Researchers at the Georgia Institute of Technology have completed a prototype device that can block digital-camera function in a given area. Commercial versions of the technology could be used to stymie unwanted use of video or still cameras.
The prototype device, produced by a team in the Interactive and Intelligent Computing division of the Georgia Tech College of Computing (COC), uses off-the-shelf equipment -- camera-mounted sensors, lighting equipment, a projector and a computer -- to scan for, find and neutralize digital cameras. The system works by looking for the reflectivity and shape of the image-producing sensors used in digital cameras.
Gregory Abowd, an associate professor leading the project, says the new camera-neutralizing technology shows commercial promise in two principal fields – protecting limited areas against clandestine photography or stopping video copying in larger areas such as theaters.
“We're at a point right now where the prototype we have developed could lead to products for markets that have a small, critical area to protect,” Abowd said. “Then we’re also looking to do additional research that could increase the protected area for one of our more interesting clients, the motion picture industry.”
Abowd said the small-area product could prevent espionage photography in government buildings, industrial settings or trade shows. It could also be used in business settings -- for instance, to stop amateur photography where shopping-mall-Santa pictures are being taken.
James Clawson, a research technician on Abowd’s prototype team, said preventing movie copying could be a major application for camera-blocking technology.
“Movie piracy is a $3 billion-a-year problem,” Clawson maintains -- a problem said to be especially acute in Asia. “If someone videotapes a movie in a theater and then puts it up on the web that night or burns half a million copies to sell on the street – then the movie industry has lost a lot of in-theater revenue.”
Moreover, movie theaters are likely to be a good setting for camera-blocking technology, said Jay Summet, a research assistant who is also working on the prototype. A camera’s image sensor -- called a CCD -- is “retroreflective,” which means it sends light back directly to its origin rather than scattering it. Retroreflections would probably make it relatively easy to detect and identify video cameras in a darkened theater.
The current prototype uses visible light and two cameras to find CCDs, but a future commercial system might use invisible infrared lasers and photo-detecting transistors to scan for contraband cameras. Once such a system found a suspicious spot, it would feed information on the reflection’s properties to a computer for a determination.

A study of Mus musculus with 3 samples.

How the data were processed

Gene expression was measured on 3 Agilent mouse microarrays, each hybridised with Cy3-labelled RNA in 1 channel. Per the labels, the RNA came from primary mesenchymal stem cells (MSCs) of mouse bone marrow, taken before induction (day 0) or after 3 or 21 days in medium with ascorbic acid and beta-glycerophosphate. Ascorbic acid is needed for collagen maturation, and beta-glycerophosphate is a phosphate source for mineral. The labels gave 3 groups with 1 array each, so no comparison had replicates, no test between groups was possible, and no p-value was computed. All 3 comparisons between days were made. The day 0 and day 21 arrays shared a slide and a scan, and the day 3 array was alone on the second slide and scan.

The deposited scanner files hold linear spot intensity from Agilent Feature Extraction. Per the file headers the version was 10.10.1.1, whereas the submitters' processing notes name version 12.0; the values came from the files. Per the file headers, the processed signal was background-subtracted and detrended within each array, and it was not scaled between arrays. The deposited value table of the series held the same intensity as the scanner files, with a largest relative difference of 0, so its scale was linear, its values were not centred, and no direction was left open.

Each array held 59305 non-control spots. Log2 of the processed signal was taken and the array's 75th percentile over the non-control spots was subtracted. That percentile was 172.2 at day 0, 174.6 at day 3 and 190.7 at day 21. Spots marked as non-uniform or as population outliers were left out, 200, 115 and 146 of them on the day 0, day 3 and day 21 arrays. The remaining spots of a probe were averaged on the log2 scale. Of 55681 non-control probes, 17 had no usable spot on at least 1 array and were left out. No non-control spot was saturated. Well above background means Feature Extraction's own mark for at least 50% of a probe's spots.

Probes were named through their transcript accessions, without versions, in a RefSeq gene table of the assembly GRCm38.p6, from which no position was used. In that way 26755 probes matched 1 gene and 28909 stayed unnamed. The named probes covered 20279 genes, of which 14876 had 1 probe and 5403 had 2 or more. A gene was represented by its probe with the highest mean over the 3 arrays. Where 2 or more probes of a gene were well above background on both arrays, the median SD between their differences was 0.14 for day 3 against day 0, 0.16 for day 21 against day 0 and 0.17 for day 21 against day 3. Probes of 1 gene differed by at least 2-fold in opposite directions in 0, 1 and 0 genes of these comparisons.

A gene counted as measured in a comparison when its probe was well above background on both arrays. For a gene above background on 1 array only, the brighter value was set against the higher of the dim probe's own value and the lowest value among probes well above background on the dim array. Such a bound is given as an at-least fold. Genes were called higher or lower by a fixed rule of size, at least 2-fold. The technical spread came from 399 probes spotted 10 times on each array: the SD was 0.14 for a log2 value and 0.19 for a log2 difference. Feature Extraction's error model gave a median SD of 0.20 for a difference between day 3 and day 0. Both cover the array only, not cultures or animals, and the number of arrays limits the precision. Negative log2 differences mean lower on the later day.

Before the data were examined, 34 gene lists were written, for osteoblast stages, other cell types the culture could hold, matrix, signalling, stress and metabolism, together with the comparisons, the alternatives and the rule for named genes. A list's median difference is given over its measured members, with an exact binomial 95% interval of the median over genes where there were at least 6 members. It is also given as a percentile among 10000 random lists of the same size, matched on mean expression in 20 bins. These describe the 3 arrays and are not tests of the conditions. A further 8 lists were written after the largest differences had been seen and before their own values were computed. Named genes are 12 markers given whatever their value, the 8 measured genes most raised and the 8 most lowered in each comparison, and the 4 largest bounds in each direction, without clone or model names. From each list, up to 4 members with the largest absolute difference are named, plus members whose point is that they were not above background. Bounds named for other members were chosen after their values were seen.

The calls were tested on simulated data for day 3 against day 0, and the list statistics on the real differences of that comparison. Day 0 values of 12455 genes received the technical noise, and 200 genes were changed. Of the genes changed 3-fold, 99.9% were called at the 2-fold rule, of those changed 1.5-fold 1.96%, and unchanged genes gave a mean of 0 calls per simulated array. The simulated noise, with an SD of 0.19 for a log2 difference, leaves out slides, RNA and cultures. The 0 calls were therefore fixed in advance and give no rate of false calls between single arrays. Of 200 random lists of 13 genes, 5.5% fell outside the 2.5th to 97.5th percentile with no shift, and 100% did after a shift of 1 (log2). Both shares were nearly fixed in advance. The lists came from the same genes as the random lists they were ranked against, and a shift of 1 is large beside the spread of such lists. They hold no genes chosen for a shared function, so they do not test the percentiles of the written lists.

“The biggest problem is making sure we don’t get false positives from, say, a large shiny earring,” said Summet. “We need to make our system work well enough so that it can find a dot, then test to see if it's reflective, then see if it's retroreflective, and then test to see if it's the right shape.”
Once a scanning laser and photodetector located a video camera, the system would flash a thin beam of visible white light directly at the CCD. This beam – possibly a laser in a commercial version – would overwhelm the target camera with light, rendering recorded video unusable. Researchers say that energy levels used to neutralize cameras would be low enough to preclude any health risks to the operator.
Still camera neutralization in small areas also shows near-term commercial promise, Abowd said. Despite ambient light levels far higher than in a theater, still cameras at a trade show or a mall should be fairly easy to detect, he said. That’s because image sensors in most cell phones and digital cameras are placed close to the lens, making them easier to spot than the deeper-set sensors of video cameras.
Camera neutralization’s potential has helped bring it under the wing of VentureLab, a Georgia Tech group that assists fledgling companies through the critical feasibility and first-funding phases. Operating under the name DominINC, Abowd’s company has already received a Phase 1 grant from the Georgia Research Alliance (GRA) with VentureLab assistance.
Abowd said that funding availability will likely decide which technology -- small- or large-area -- will be developed first. DominINC will apply soon for GRA Phase 2 money, Abowd said. Those funds would be used to aid anti-piracy product development, as would any funding coming from the film industry.
Other potential funding, from industry and elsewhere, would likely be used to develop anti-espionage small-area applications.
Stephen Fleming, Georgia Tech’s chief commercialization officer, said motion-picture groups are actively looking for technology to foil piracy. Movie distributors might even promote camera-neutralizing systems by refusing to send films to theaters that don’t install anti-piracy systems.
There are some caveats, according to Summet. Current camera-neutralizing technology may never work against single-lens-reflex cameras, which use a folding-mirror viewing system that effectively masks its CCD except when a photo is actually being taken. Moreover, anti-digital techniques don’t work on conventional film cameras because they have no image sensor.
Good computer analysis will be the heart of effective camera blocking, Summet believes.
“Most of the major work that we have left involves algorithmic development,” he said. “False positives will eliminated by making a system with fast, efficient computing.”
Also involved in the camera-neutralizing project are Shwetak Patel, a College of Computing PhD student; Khai Truong, a former Georgia Tech PhD student who is now at the University of Toronto, and Kent Lyons, a College of Computing post-doctoral student. A paper on this technology was published and presented at the Ubicomp 2005 conference in Tokyo, Japan, last September.